Not a very long trip but one that enabled us to wander around Lansing, MI, while on the way and stick our noses in various and sundry thrift stores. I found four books for 90 cents and my better half spent just over a buck on a sweater that she couldn't resist.
We checked in the Quality Inn that was just off the expressway at Marshall, MI, and then proceeded to the downtown area to find something to eat. I'd corresponded with Sara Schultz, the director of the museum. She recommended a restaurant - The Broadway Grille - that was just across the street from the museum.
We got a good view of the downtown area and of the museum from the restaurant.
Marshall seems to have a vibrant busy downtown area. Many of the small businesses had their storefront decorated for the autumn and Halloween. Even on a Saturday afternoon, there seemed to be a bustling amount of activity.
The first picture gives an impression of what the three or four blocks of downtown looked like and the second is a clip of the museum located in the center of the first picture.
Annual Open House
I had read that the museum was hosting an open house on this Saturday evening and planned our trip around it.
There were knowledgeable people that conducted the open house and they were happy to discuss the history of both the museum and the exhibits.
A magician named Bob Lund and his wife Elaine started the museum. Bob was a collector of magic books, posters, apparatus, and other stuff. He established the museum in this store front building in 1978.
During the open house, a guest magician - Eric Sullivan - presented a performance that consisted mostly of parlor tricks. It was enjoyable as was the wine and snacks that were provided.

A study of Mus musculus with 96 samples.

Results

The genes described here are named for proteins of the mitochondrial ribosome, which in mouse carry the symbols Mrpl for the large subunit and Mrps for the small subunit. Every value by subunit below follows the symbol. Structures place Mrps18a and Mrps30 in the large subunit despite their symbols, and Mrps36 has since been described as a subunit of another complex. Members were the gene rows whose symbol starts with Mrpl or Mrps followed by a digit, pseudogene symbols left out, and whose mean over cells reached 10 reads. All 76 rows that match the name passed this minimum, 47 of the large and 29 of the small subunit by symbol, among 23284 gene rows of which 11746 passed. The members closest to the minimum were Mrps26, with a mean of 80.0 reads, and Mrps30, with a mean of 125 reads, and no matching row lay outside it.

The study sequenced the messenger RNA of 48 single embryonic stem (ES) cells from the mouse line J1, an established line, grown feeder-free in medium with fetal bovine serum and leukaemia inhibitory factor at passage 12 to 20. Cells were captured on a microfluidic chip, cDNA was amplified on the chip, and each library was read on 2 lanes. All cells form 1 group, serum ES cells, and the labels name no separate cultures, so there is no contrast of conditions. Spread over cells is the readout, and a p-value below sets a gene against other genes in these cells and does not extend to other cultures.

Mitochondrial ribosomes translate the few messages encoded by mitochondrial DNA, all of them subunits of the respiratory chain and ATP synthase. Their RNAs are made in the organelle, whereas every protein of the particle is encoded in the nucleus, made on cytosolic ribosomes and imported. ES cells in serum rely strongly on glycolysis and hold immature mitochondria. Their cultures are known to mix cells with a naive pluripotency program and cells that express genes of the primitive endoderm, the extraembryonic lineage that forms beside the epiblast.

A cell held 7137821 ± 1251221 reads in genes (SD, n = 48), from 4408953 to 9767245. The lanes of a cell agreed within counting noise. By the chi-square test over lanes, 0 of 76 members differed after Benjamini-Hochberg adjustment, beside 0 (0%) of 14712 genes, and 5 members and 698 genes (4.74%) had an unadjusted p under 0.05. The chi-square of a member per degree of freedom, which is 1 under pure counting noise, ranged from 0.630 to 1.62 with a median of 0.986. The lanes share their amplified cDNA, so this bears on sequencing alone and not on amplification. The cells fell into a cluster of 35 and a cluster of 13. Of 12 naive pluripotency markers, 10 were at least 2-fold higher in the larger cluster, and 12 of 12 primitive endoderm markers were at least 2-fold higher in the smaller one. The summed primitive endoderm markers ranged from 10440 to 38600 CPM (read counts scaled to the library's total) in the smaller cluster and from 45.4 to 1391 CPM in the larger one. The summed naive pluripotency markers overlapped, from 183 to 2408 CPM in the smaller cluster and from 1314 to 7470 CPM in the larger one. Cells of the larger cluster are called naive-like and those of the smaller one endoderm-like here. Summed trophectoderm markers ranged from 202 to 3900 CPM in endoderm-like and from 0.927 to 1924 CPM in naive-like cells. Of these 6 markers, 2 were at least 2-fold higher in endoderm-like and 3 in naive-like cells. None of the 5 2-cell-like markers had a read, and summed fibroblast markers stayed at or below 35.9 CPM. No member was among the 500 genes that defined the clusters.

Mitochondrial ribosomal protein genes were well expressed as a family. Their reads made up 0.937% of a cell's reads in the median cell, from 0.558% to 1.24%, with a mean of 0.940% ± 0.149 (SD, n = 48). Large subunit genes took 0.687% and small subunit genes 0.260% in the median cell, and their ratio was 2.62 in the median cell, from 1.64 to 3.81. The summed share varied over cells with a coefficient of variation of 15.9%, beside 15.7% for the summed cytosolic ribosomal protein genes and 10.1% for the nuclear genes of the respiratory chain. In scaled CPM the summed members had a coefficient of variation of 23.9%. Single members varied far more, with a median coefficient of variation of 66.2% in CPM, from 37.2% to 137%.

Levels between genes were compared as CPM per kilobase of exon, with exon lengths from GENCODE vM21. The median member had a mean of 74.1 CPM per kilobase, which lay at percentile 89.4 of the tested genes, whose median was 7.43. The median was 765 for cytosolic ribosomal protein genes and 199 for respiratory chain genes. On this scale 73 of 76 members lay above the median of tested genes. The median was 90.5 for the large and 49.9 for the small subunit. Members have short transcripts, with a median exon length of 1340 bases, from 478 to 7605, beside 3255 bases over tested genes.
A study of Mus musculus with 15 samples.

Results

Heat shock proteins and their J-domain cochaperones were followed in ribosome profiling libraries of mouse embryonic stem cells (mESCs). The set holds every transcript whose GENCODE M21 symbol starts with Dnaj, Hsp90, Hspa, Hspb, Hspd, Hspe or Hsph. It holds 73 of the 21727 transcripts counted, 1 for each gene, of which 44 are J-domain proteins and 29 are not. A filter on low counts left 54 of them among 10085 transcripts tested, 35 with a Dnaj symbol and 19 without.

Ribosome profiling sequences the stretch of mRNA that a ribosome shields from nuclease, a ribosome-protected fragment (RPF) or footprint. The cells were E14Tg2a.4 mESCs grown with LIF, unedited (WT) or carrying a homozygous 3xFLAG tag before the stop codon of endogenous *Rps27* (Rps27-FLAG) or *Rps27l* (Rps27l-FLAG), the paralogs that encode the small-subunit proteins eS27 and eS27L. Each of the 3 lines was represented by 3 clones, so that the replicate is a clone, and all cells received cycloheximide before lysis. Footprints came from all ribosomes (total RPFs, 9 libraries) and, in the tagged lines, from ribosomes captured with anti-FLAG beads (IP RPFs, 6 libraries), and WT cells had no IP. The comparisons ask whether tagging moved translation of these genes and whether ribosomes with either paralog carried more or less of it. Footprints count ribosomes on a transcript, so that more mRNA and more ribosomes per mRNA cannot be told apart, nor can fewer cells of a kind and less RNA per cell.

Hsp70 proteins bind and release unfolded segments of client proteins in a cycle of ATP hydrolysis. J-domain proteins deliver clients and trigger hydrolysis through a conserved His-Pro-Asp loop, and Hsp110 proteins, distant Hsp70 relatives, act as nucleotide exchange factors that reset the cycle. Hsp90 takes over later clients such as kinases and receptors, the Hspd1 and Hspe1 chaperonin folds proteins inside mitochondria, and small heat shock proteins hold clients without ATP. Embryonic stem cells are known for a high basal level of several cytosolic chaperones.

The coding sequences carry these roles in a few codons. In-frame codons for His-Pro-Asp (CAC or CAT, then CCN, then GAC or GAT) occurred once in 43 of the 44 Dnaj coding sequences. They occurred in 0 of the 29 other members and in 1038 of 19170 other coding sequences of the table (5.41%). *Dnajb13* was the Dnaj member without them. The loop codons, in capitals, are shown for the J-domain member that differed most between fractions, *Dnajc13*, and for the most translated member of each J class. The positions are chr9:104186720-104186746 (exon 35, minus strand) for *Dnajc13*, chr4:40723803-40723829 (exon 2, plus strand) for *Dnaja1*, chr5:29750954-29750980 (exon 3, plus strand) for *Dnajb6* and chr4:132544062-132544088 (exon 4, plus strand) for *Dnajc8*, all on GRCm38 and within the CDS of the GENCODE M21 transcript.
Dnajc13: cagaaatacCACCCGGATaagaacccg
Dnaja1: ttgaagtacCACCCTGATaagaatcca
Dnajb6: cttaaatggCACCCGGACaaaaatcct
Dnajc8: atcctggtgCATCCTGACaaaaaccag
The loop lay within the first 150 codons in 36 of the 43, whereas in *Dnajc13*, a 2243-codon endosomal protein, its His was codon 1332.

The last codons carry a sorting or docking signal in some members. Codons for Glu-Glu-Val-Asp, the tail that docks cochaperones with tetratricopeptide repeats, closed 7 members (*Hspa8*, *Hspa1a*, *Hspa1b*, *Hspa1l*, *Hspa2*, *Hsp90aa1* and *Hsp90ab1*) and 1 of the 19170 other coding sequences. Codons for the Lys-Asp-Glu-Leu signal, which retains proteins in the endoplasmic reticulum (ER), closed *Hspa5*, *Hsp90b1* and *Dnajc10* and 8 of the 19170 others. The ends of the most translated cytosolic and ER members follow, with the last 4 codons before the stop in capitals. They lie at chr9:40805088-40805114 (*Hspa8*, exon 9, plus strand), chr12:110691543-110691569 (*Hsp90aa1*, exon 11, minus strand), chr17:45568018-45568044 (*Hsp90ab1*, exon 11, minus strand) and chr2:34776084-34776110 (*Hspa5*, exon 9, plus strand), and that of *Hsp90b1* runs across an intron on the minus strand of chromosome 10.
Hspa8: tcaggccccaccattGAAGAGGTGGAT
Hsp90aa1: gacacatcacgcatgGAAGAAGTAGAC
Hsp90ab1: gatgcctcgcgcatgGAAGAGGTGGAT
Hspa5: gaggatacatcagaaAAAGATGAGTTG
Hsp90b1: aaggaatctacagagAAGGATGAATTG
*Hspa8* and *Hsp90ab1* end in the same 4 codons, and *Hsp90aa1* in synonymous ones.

There are tools of the trade scattered throughout the museum. Many of them are smaller but two of the larger ones are pictured here. One is where a magician would saw a woman half and the other it a guillotine that was used in a beheading illusion.
One of the many sculptures is pictured here. It is of the illusion called "Levitation". In this version, the suspension of the person is on just an ordinary household broom.
Notice the posters on the wall behind the sculpture. The museum encompasses two floors and the walls of both floors are almost wallpapered with the posters. There are some very early posters through the Houdini era and into the current times with David Blaine and his street magic posters.
A more recent addition to the collection is this one. These suits were worn by Penn and Teller during a performance in Las Vegas.
We got into a friendly conversation with two magicians from the Grand Rapids area who were on the Board of Directors at the museum. They were not only fun to talk to but entertained us with the sleight of hand.
The open house is held once a year in the autumn. There is an admission charge to cover the added costs. Although the Quality Inn where we stayed indicated that admission to the museum was free, there were indications at the museum that there may have been an admission charge. There is much information on their website.
In the years since it was established the museum has grown to encompass a second building that is open only to established professional magicians. It includes a very large research file of information about the magicians. Any professional magician that had more than 3 pages of news printed about them caused a folder to be created and it is on file in the annex. There is also much memorabilia that is more than the public museum can hold.
The trip home was easy. The Quality Inn supplied breakfast and we spent 2 1/2 hours getting here.
Really enjoyable short trip. We may do it again next year.